One of the great benefits of an electric car is the absence of any gears, meaning smooth, nippy acceleration the instant you squeeze the accelerator pedal. This slightly eerie, uninterrupted stream of power is what makes the Zoe relaxing but, surprisingly, also quite fun to drive around town. Mind you, the grabby brakes do frustrate; they make it difficult to slow your progress smoothly as they try to harvest energy to recharge the battery.
The Zoe is available with either an 87bhp or a 107bhp electric motor; the former is called the Q90 and the latter the R110. You don't notice much difference in performance at low speeds, but above 40mph the Q90's nippy acceleration quickly starts to tail off, whereas the R110 will get you up to 70mph noticeably more swiftly. Still, more powerful rivals, such as the Nissan Leaf, Volkswagen e-Golf and BMW i3, are better suited to outside-lane motorway driving.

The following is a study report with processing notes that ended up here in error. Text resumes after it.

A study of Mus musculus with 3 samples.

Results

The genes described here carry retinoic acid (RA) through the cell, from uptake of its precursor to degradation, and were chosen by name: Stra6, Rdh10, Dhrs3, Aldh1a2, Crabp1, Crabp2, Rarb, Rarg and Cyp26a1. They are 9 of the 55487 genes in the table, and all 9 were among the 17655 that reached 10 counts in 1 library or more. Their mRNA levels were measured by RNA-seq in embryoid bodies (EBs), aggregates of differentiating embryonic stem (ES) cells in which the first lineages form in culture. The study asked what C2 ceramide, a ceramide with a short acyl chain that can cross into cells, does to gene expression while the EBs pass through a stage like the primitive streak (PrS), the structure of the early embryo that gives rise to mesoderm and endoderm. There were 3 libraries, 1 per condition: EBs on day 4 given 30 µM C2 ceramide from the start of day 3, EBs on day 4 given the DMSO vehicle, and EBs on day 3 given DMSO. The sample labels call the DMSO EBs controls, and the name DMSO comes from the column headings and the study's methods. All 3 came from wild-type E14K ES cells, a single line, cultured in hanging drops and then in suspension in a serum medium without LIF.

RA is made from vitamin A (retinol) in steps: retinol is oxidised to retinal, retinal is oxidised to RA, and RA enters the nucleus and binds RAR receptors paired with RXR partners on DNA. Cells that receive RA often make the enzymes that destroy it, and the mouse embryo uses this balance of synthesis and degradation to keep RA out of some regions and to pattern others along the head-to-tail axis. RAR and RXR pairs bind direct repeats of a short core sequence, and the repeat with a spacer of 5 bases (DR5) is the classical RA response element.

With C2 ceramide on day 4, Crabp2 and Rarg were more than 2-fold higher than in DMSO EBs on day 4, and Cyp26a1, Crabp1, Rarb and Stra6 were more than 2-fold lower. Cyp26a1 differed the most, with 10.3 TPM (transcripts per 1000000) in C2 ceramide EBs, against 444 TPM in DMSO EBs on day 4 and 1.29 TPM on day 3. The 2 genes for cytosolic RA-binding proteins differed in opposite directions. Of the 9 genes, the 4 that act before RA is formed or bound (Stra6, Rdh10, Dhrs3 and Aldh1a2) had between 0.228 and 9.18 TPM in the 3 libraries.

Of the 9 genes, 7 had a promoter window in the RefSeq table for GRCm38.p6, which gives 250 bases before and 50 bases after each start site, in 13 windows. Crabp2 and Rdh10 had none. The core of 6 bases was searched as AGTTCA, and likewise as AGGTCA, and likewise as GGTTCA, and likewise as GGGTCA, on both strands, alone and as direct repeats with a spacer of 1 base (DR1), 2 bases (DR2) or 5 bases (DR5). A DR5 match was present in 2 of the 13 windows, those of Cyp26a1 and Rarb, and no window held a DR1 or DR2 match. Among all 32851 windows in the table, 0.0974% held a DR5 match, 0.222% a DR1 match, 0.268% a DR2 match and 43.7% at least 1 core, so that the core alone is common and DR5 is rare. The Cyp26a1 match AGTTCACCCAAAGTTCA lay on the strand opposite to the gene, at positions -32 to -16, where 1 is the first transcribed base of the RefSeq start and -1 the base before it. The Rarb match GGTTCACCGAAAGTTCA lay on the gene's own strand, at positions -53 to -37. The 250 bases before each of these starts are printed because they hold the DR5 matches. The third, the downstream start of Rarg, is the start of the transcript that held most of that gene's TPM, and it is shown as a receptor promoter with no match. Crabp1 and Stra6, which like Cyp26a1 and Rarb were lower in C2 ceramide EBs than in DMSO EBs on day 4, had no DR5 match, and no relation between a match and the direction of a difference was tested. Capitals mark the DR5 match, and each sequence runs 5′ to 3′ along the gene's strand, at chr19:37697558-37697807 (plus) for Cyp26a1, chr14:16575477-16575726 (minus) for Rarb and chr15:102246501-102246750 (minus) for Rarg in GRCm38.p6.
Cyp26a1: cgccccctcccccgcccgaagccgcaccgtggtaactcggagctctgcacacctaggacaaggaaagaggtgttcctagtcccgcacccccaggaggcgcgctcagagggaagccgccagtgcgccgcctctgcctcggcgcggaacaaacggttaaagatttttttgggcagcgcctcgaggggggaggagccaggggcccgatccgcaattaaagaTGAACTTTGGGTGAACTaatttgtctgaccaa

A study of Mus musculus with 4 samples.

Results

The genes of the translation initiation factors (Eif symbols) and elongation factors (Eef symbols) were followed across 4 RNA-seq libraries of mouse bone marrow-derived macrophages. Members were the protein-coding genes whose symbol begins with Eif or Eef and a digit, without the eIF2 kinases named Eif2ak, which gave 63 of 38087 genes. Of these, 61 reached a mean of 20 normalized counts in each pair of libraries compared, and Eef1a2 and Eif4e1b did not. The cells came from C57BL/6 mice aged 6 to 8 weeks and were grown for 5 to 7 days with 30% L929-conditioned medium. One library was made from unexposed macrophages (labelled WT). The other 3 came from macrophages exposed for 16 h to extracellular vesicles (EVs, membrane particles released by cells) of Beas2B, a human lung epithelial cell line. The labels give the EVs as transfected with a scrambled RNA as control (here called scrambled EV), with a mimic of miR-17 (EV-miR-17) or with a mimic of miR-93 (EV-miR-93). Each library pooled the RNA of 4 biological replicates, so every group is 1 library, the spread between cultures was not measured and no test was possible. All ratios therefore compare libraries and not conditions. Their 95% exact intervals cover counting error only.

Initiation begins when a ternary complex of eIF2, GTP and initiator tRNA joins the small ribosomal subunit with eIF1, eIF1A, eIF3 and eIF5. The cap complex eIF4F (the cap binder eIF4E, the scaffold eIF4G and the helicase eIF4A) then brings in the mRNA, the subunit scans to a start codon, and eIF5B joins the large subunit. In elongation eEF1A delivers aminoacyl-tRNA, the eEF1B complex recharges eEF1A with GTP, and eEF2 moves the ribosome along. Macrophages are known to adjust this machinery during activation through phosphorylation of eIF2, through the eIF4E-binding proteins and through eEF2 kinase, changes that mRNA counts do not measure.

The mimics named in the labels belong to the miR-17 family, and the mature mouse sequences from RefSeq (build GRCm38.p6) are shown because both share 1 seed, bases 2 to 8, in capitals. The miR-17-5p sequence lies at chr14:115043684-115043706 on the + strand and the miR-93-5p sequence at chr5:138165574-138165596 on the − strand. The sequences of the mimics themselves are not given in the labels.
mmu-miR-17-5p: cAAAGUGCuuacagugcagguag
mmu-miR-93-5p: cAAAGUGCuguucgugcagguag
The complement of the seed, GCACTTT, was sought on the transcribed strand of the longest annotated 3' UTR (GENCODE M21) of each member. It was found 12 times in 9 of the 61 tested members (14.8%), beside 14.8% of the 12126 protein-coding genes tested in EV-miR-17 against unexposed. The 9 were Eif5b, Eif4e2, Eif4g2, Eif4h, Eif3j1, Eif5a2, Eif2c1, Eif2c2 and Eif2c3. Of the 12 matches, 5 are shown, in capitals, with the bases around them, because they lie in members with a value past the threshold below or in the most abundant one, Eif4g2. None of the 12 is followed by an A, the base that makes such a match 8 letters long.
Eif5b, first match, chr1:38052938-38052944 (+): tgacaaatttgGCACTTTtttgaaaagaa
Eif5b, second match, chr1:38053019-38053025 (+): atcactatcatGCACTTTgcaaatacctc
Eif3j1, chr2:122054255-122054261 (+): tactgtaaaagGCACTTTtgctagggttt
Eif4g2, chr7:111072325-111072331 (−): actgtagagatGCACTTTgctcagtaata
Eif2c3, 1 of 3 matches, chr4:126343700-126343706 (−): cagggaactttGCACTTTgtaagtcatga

Ride comfort is okay at low speeds; broken surfaces are absorbed effectively and with little suspension thump. However, the Zoe is less composed on faster roads, where ruts and potholes unsettle the car a little too easily. It's still more comfortable than the i3, but the e-Golf smooths over bumps far more adroitly.
The Zoe turns in to corners keenly enough, helped by its light and precise steering, and there’s plenty of grip. The soft suspension does mean substantial body lean, but the Zoe never lurches around wildly.
Compared with any petrol or diesel rival, the Zoe is extremely hushed, because the electric motor only makes a subtle whine. However, by electric standards, it isn't actually that refined, generating more wind and road noise than rivals such as the Leaf and, particularly, the e-Golf.